Lawn Lime is applied to increase the pH and lower the acidity of your soil.
Use an accurate soil pH test to determine how much lime you need.
Apply evenly with a drop spreader in late fall for best results.
If you’ve spent any significant amount of time researching how to care for your lawn, you’ve probably come across the topic of lawn liming.
Maybe your neighbor told you to go get some "lime fertilizer", or that you need to put some lime on your yard every year.
Lawn Acidity and pH
One of the most ignored factors by homeowners when assessing the health of their lawn is the pH, or acidity level, of the soil.
The mass market commercial fertilizers used every day in this country by homeowners and lawn care companies alike severely lower the pH and therefore increase the acidity level of your lawn.
While this “sugar rush” of nitrogen to your lawn makes it look nice and green for a few weeks, it also drastically lowers the pH of your soil and kills many beneficial microbes and bacteria in the process.
Multiply this month after month, season after season, and over time your lawn’s pH level can fall into a very unhealthy range.
Increased acidity is usually the last thing diagnosed by the homeowner, who often tries to fix the problem with MORE acidic fertilizer and excessive watering when they see their lawn turning patchy brown and succumbing to fungus and disease.
If you are struggling to diagnose a problem with your lawn, it might just be related to its pH.
And besides cutting back on the commercial fertilizers, you can usually address this problem right now with a little lime.
What is Lime and What Does it Do for your Lawn?
Lime is a soil amendment made from ground limestone rock. Limestone contains calcium carbonate and magnesium carbonate.
By adding lime to your lawn you are essentially adding calcium and magnesium and increasing the pH of your soil. Increasing the pH means you are lowering the acidity of the soil.
How to Test Your Soil for Lime
The main way to determine if your lawn needs lime is by measuring the pH of your soil.
You need to know the pH level of your soil in order to know whether or not the lawn needs lime at all. If your pH is already high, adding lime could have some serious adverse effects.
There are multiple ways that you can go about testing your soil’s pH level. You can test your soil pH by getting a lime test, or as its more accurately known, a soil pH test.
Likewise, you can also hire a professional local lawn care company to test your soil for you.
If you do it yourself, you will need to make sure you get an accurate sample. Collect your soil from four inches below the surface and let it dry for about a day so that the water content in the soil does not dilute your pH reading.
Follow the directions on your lime test in order to determine the pH of your soil. Most lawns typically have a healthy pH level of between 6 and 7.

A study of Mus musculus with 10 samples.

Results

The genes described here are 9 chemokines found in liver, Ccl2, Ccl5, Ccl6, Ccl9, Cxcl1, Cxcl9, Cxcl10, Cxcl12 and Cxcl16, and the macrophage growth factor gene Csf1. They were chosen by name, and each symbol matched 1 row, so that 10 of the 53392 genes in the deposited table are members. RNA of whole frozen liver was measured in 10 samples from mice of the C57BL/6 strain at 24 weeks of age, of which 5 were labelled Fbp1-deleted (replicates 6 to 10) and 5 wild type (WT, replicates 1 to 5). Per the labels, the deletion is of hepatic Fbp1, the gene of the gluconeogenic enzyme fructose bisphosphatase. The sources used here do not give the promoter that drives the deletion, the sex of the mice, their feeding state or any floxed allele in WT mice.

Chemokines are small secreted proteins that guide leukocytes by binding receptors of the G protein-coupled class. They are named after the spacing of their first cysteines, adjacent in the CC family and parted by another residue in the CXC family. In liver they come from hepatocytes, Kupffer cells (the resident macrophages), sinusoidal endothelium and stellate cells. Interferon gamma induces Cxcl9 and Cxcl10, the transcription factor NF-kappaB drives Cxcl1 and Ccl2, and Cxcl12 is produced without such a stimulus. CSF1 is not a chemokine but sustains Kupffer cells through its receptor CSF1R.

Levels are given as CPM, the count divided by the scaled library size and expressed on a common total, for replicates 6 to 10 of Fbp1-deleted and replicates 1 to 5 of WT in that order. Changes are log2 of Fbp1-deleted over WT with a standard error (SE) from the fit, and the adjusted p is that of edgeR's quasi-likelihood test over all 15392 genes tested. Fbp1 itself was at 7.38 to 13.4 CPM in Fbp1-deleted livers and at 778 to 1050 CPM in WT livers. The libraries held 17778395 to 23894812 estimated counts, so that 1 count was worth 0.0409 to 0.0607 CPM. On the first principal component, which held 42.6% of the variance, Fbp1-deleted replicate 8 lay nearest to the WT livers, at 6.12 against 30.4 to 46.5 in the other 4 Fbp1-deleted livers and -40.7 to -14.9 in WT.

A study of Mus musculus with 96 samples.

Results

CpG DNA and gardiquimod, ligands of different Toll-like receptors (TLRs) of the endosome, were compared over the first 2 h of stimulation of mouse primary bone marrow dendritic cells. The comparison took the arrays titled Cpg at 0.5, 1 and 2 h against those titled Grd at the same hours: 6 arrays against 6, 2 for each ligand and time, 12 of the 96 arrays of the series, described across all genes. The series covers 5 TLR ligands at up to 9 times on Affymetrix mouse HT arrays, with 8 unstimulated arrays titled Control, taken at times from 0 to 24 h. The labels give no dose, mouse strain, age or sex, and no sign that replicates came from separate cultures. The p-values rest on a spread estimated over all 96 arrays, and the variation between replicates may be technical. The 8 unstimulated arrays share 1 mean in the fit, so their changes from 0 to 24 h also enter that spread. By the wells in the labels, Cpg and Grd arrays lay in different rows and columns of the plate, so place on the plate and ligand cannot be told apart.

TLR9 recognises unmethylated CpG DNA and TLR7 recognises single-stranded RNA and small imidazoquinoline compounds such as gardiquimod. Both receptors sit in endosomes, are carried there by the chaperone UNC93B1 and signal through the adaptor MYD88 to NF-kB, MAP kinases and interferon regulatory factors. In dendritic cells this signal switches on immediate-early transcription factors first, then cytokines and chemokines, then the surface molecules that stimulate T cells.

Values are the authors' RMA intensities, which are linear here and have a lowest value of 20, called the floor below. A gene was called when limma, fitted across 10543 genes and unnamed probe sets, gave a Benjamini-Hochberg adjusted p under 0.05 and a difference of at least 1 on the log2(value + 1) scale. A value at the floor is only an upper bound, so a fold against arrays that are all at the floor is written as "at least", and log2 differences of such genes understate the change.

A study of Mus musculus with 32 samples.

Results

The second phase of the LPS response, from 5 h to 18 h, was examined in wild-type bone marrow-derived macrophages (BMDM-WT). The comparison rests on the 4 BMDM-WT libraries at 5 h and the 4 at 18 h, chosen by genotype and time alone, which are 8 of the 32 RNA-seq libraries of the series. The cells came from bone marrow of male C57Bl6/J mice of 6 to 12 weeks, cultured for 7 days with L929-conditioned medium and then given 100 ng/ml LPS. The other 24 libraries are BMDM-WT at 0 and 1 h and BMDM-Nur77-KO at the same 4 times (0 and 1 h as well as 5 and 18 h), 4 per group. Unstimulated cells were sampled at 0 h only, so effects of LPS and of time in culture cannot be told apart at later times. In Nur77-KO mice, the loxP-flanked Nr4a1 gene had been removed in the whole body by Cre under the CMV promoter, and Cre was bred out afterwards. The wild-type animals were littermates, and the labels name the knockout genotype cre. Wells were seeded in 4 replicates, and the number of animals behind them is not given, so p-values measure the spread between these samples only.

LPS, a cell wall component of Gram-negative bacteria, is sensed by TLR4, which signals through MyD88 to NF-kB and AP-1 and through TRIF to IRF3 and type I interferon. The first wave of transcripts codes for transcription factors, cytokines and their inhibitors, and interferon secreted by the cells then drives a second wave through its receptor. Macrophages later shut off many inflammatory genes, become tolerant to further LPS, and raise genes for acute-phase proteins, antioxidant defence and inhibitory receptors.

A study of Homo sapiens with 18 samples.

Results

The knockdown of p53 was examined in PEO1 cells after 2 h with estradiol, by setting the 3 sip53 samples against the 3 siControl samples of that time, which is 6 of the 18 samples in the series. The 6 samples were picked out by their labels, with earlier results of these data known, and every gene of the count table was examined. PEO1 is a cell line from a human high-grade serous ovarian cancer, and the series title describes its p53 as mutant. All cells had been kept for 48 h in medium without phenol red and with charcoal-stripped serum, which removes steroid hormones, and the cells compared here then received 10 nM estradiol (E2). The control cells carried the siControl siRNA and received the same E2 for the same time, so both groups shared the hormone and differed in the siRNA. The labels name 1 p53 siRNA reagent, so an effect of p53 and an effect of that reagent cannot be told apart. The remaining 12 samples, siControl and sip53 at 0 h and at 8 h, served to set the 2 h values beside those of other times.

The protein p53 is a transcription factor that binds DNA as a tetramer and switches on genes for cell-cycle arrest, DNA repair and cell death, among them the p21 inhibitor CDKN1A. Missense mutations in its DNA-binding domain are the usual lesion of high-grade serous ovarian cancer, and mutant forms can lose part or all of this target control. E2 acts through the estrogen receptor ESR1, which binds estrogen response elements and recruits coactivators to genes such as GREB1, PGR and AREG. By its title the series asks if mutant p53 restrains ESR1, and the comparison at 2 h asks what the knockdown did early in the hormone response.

If your test indicates that your lawn is below that range, and therefore too acidic, you will want to apply some lime to your lawn.
How to Apply Lime to Your Lawn
Dolomite lime is a popular option to use on acidic lawns that are severely lacking in calcium.
Once you have your lime, you will need to spread it over your lawn. We recommend using a drop spreader, much like you would use to spread seed, to spread the lime evenly across your soil, walking back and forth in even, slightly overlapping rows until you have covered the entire yard.
Can You Put Too Much Lime on Your Lawn?
In short: Yes.
When you apply lime to your lawn, the lime is raising the pH of the soil and lowering the acidity.
While it is unhealthy to have a lawn that is too acidic, it is also unhealthy to have a lawn that is too basic, or, high in pH. Like most things in nature, a healthy balance is the key.
You are trying to get your soil’s pH back into that ideal 6-7 range.
Your soil test, as well as your lime packaging will likely tell you how much lime you need to apply based on the size of your yard and the pH measured during your soil test.
However, don’t expect your pH levels to change overnight.
After all, you are essentially spreading rock on your lawn and it will take a number of weeks and months for all of that calcium and magnesium to make their way into your soil.
So resist the urge to keep adding more and more lime because your pH hasn't risen. Add the amount of lime the test recommends and then sit back and be patient.
You may need to wait until later in the season, or even next season, to test again and get an accurate reading.
Other Mistakes to Avoid
Be careful around your flowers and plants when spreading lime. Heavy concentrations of lime can make the soil dangerous for some flowers and plants.
Some plants like soil that is more naturally acidic. If you lime areas where you have plants like azaleas or daffodils growing, it could impact their health.
When to Apply Lime to Your Lawn
Lime is best applied under cooler conditions in the early spring or late fall when you aren't mowing and your grass is not as actively growing.
In fact, one of the best times to apply lime is just before the first frost of the year. If you do it then, just before snow starts to fall, the lime will have a long period of time to absorb safely into the yard.
Although lime is fairly innocuous, as with any chemical, it can be dangerous in large quantities to pets and small children playing in the yard.
Make sure to water your lawn well and give the lime time to set into the soil before you get too up close and personal with your lawn again.